A Russian Soyuz capsule carrying three crew from the International Space Station has safely returned to Earth after an "energetic and exciting" landing in thick fog.
The vessel was upright and almost hit its "bull's eye" target in Kazakhstan, a day after its originally scheduled touchdown was delayed by bad weather.
Nasa astronaut Kevin Ford and Russian cosmonauts Oleg Novitskiy and Evgeny Tarelkin, as Expedition 34, had manned the $100bn (£66bn) orbital outpost since October. They had spent 144 days on the station.
The space capsule landed at 7:06am (local time) northeast of the town of Arkalyk.
Due to reduced visibility, it took a few minutes before helicopters with Russian search and recovery teams could locate the vessel after it came down.
Russian television showed footage of rescue workers opening the hatch of the capsule.
The crew were helped down a special slide and Mr Tarelkin pumped his fists as he sat on the edge of the craft.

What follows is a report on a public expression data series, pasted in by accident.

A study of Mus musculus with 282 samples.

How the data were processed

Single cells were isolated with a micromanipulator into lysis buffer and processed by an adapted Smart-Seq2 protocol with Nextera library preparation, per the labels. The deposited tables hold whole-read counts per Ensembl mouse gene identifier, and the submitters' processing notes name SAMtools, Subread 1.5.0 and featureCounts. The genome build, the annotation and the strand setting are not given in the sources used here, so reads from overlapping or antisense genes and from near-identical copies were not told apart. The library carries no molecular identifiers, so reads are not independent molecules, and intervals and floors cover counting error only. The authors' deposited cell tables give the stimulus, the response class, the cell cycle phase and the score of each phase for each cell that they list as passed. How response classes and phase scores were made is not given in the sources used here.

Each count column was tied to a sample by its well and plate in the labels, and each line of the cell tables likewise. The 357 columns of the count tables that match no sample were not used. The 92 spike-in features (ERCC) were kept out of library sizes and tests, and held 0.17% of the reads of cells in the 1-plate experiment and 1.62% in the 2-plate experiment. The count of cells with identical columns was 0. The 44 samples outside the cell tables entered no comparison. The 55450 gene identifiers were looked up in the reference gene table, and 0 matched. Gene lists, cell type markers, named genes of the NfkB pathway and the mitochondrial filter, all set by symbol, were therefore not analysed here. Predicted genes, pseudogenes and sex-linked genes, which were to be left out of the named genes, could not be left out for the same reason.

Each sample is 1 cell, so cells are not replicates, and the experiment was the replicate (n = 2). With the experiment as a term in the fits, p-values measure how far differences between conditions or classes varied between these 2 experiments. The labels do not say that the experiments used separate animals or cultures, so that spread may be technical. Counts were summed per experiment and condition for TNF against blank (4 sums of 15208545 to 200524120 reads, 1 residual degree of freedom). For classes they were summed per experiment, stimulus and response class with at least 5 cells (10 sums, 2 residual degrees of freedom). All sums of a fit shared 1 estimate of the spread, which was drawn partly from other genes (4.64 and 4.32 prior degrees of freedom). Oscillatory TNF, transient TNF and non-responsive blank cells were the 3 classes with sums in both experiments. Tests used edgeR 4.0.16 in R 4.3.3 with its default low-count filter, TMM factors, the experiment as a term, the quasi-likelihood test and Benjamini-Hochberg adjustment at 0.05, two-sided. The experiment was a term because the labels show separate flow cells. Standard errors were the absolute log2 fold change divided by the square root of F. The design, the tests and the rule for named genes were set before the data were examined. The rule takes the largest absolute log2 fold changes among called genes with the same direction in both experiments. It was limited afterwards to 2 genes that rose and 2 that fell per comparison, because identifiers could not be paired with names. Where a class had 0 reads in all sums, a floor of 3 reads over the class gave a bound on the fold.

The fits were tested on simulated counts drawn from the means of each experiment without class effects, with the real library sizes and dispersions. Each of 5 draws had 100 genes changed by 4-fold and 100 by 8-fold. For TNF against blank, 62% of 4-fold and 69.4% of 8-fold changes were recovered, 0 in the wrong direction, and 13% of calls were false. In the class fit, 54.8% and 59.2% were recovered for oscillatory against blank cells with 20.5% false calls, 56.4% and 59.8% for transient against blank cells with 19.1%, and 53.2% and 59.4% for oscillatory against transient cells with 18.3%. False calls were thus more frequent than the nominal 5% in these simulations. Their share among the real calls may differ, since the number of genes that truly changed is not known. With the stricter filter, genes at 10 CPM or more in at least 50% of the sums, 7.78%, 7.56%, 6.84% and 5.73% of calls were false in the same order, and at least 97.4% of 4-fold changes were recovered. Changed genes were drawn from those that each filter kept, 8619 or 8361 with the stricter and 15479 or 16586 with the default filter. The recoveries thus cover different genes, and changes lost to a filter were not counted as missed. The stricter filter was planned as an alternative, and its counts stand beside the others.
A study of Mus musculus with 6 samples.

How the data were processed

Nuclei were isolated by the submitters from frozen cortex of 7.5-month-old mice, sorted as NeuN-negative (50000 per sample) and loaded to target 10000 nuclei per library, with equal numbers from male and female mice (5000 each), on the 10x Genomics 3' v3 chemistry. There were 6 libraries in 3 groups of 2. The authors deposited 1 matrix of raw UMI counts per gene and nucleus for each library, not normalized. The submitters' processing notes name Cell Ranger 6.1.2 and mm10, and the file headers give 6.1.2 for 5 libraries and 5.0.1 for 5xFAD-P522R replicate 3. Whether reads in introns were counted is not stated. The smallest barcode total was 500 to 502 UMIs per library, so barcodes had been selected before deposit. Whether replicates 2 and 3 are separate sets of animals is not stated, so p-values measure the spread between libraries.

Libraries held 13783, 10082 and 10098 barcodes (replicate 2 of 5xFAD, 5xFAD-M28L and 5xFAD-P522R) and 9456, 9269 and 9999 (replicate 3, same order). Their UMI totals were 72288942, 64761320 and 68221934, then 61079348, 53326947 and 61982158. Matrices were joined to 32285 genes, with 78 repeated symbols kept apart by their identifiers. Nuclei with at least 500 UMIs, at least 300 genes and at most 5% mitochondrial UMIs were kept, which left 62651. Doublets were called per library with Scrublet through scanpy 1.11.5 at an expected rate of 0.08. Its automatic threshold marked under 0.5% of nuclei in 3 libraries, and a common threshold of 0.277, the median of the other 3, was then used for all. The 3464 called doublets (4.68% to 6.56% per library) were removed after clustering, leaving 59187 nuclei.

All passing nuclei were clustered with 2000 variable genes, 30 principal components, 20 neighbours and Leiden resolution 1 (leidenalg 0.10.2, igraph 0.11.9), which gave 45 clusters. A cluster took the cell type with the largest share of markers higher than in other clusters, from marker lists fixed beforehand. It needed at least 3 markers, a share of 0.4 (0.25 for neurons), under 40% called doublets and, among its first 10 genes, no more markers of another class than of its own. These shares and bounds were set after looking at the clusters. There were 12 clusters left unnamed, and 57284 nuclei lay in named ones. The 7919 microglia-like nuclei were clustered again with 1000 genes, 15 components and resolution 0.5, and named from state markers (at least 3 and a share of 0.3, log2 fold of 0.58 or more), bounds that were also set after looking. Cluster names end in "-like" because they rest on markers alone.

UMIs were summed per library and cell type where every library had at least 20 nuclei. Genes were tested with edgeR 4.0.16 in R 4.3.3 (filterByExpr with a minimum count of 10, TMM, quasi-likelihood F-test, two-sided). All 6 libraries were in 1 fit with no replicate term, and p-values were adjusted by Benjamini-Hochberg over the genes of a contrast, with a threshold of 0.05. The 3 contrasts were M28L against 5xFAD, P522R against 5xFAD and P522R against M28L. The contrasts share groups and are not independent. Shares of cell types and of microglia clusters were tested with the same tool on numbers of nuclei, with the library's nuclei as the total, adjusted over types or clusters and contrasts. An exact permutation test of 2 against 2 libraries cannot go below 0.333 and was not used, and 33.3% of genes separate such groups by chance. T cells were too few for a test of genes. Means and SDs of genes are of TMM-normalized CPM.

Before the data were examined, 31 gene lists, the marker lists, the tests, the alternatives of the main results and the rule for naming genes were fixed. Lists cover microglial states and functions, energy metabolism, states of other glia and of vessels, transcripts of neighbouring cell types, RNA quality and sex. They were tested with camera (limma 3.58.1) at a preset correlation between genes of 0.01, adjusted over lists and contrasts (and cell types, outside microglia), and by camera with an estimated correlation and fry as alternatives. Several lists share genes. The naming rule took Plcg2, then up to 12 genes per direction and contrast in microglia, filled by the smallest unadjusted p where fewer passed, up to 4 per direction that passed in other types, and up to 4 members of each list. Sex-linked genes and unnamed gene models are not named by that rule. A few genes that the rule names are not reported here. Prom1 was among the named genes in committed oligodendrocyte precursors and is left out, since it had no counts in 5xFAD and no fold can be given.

The three smiling astronauts were then seated on special chairs and given blue thermal blankets.
A Nasa TV commentator said only two of 12 search and rescue helicopters were allowed to land at the touchdown site because of heavy cloud and fog.
So instead of being placed in an inflatable medical tent for checks, the trio were then taken to one of the helicopters for a two-hour trip to the staging site. The temperature at the time was well below freezing.
From there, Mr Ford would board a plane for Houston, Texas, and the Russians would be flown to Moscow.
"The landing was energetic and exciting," Russian TV showed Mr Novitskiy as saying.
And Nasa TV said: "Oleg Novitskiy reported to search and recovery teams that the crew is feeling good. Everything seems to be in order."
In preparation for their departure from the ISS, Canadian astronaut Chris Hadfield took the helm of the station on Wednesday.
He became the first Canadian to do so and only the second in the ISS's 12-year history who was not American or Russian.
Mr Hadfield will be part of a three-man skeleton crew until Nasa astronaut Chris Cassidy and cosmonauts Pavel Vinogradov and Alexander Misurkin arrive later this month.